The next four Sprint Cup series races will go a long way toward determining whether Chip Ganassi's bid to conquer the world of racing is successful. The Sprint Cup is by far the most important of the six series where Ganassis is competing. But there's a chance that neither one of his drivers, Jamie McMurray nor Kyle Larson, will make the postseason Chase.
On the other hand, Larson could win one of the four remaining races before the postseason -- starting at the Bristol Motor Speedway on Saturday night -- and help Ganassi get both of his drivers into the Chase. McMurray and Larson could also both make the Chase on points if Chris Buescher, the upset winner at the Pocono Raceway earlier this year, fails to make the Top 30, which is required for a race winner to advance.
In any event, a unique season was predetermined for the Ganassi team in a year characterized as "18 drivers, 14 cars, and six series."
A successful season is already a lock for Ganassi in one respect. His factory Ford GT team won its class at the Le Mans 24-hour in June after a heated battle with one of the Ferrari teams. That victory came in the inaugural season for the incomparable Ford GT -- and fifty years after Ford first conquered the great French race in 1966.
That was the year the Ford Mk. II beat a bevy of Enzo Ferrari's entries for the overall honors as Henry Ford II took revenge on the Italian, who reneged on a promise to sell his sports car company to Ford.
The Chevy side of the equation is not doing as well this year in NASCAR or IndyCar, where a last-place finish by defending series champ Scott Dixon after ill-advised contact at the Mid-Ohio Sports Car Course dropped him to a distant fifth place in the standings. He is now tied with Ganassi teammate Tony Kanaan.
Making NASCAR's Chase would go a long way toward uplifting sponsors, Chevy and the Ganassi team's stock car reputation. As it is, this season remains the second straight without a victory. So a win by Larson, who has been running among the leaders this year on a variety of tracks, would be gigantic.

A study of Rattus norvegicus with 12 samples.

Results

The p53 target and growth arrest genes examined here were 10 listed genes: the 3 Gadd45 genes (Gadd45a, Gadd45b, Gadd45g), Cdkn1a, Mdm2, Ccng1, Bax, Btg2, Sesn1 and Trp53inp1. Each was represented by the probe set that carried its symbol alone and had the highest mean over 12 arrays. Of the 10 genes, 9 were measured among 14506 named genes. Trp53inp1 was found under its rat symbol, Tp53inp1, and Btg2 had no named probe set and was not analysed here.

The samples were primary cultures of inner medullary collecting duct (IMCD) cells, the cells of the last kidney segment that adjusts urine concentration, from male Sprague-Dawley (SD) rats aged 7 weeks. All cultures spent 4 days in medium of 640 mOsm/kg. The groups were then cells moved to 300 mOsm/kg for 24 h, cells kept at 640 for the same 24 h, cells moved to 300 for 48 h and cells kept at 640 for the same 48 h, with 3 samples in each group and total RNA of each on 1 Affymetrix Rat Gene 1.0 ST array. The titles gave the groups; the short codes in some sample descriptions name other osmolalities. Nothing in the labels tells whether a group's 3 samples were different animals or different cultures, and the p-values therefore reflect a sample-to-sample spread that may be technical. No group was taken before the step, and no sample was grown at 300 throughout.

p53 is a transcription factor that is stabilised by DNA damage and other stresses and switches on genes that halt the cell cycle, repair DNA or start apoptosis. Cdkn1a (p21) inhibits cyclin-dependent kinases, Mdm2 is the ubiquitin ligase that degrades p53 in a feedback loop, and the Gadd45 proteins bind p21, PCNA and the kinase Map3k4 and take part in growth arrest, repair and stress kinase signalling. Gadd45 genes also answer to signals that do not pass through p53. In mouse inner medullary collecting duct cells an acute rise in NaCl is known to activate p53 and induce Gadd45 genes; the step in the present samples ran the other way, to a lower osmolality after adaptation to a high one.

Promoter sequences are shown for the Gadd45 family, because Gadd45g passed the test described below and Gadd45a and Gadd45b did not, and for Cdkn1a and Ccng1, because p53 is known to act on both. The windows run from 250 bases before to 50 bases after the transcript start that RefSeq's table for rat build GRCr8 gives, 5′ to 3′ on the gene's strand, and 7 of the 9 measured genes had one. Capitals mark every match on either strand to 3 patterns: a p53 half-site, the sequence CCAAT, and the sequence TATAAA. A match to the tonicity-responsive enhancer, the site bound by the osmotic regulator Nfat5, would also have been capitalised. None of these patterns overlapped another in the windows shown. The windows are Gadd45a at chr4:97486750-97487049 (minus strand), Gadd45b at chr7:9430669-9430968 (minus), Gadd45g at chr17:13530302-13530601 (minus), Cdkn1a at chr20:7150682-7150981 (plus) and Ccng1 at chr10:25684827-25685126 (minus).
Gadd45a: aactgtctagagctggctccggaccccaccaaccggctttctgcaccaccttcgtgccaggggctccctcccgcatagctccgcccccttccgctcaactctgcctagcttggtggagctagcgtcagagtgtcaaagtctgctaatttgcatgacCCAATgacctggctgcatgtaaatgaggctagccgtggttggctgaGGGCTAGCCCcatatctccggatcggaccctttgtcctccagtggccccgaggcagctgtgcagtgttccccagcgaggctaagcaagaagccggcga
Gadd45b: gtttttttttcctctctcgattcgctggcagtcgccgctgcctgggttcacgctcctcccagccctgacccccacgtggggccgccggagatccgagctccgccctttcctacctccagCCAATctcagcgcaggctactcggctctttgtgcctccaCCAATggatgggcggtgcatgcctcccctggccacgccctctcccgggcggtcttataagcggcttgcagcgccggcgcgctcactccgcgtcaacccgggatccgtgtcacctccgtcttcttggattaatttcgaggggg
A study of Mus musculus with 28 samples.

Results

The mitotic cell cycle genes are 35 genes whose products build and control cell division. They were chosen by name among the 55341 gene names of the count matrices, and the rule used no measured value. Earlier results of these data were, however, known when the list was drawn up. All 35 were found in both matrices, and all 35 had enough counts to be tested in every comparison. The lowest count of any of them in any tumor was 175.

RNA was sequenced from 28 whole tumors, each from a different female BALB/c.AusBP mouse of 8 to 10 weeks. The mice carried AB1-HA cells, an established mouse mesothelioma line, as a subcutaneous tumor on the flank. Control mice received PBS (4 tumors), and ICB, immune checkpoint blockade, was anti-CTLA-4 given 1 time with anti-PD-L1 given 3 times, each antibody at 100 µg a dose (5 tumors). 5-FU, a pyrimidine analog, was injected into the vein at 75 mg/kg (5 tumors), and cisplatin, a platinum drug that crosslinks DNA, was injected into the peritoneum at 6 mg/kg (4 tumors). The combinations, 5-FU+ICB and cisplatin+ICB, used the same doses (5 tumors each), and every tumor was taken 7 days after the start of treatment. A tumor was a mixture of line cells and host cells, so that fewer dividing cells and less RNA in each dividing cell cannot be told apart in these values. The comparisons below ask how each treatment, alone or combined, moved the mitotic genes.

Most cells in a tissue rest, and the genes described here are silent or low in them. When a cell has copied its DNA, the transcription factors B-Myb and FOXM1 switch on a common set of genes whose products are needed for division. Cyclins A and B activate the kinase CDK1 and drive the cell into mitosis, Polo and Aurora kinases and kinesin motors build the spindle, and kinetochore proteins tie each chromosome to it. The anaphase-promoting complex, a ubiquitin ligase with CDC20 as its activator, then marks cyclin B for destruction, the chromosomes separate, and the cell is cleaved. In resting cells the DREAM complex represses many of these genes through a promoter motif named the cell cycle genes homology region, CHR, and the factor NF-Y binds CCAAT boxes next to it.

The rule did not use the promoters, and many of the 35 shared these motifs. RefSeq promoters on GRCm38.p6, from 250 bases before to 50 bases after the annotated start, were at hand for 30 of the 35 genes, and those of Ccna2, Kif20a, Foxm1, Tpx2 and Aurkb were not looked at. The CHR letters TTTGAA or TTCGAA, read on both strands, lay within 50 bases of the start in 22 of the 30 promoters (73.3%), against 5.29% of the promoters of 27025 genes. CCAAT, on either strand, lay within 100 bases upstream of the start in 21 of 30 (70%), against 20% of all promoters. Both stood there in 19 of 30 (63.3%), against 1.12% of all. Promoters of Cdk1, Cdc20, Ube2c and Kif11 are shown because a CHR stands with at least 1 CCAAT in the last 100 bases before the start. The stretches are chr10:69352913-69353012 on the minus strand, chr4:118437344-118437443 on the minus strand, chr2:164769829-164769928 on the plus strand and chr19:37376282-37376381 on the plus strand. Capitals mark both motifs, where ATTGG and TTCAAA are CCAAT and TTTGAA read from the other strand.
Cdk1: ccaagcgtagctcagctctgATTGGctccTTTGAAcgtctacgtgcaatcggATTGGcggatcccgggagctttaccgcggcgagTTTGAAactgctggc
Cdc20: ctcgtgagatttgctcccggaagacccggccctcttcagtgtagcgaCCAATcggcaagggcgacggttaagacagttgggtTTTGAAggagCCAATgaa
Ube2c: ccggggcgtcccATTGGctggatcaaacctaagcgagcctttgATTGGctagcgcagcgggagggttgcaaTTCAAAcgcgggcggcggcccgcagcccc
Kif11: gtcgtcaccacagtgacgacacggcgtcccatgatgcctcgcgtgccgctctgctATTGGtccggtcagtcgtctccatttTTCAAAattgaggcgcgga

The Californian would be in a much stronger position in the points, at least, if he hadn't been dumped in the final corner at Watkins Glen by A.J. Allmendinger while running fourth, which cost Larson 25 points.
Among the four tracks remaining before the postseason, in addition to Bristol, Larson was also a contender at the Michigan International Speedway, where he finished third earlier this year.
If Buescher, who is currently three points shy, advances into the Top 30, then McMurray is on the bubble in the current standings as the fourth driver to advance on points. The next driver is Larson, who trails his teammate by a distant 30 points.
The most likely scenario is that one of the two Ganassi drivers make it. Even if Buescher advances, somebody will have to step up to get the final position available on points currently held by McMurray -- assuming no new winner emerges in the last four races. Trevor Bayne, Kasey Kahne and Ryan Blaney are the most likely new winners and also the three drivers who could catch McMurray and/or Larson in the points. Another potential winner is veteran Greg Biffle, teammate to Bayne at Roush Fenway Racing, still in the midst of its rebuilding effort.
A bright spot for Ganassi in NASCAR has been the rookie season of Brennan Poole in the Xfinity Series. Although he doesn't have a victory, the rookie is currently on track to make this year's first Chase for the understudy series. The ARCA series convert is second to Erik Jones in the rookie standings, but is not likely to catch 20-year-old phenomenon Jones, who has three victories and 11 Top 5 finishes.
Another success story for Ganassi has been the Ford GT team that runs in the WeatherTech series of IMSA. In addition to winning its one-off appearance at Le Mans, the team has won three races in the American series. Drivers Richard Westbrook and Ryan Briscoe are currently locked in a championship battle with the Corvette drivers.
The sports car effort includes a two-car Ford GT squad based in England that competes in the World Endurance Championship, where Olivier Pla and Stefan Mucke lead the points standings with five races remaining, including an upcoming appearance at the Circuit of the Americas in Texas.
If nothing else, it will be an interesting run to the various championships for the Ganassi team. There is only one other American team owner, Roger Penske, who has as many different teams running in major series, including Sprint Cup, Xfinity, IndyCar and the Australian Supercars Championship.
Alas, Penske drivers Simon Pagenaud and Will Power are leading the IndyCar championship and Penske's two Sprint Cup drivers, Brad Keselowski and Joey Logano, are race winners headed for the Chase, where they are expected to be contenders.
By that standard, Ganassi, shut out in the Indy 500, is currently hanging his hat on one race victory in France, albeit a great one.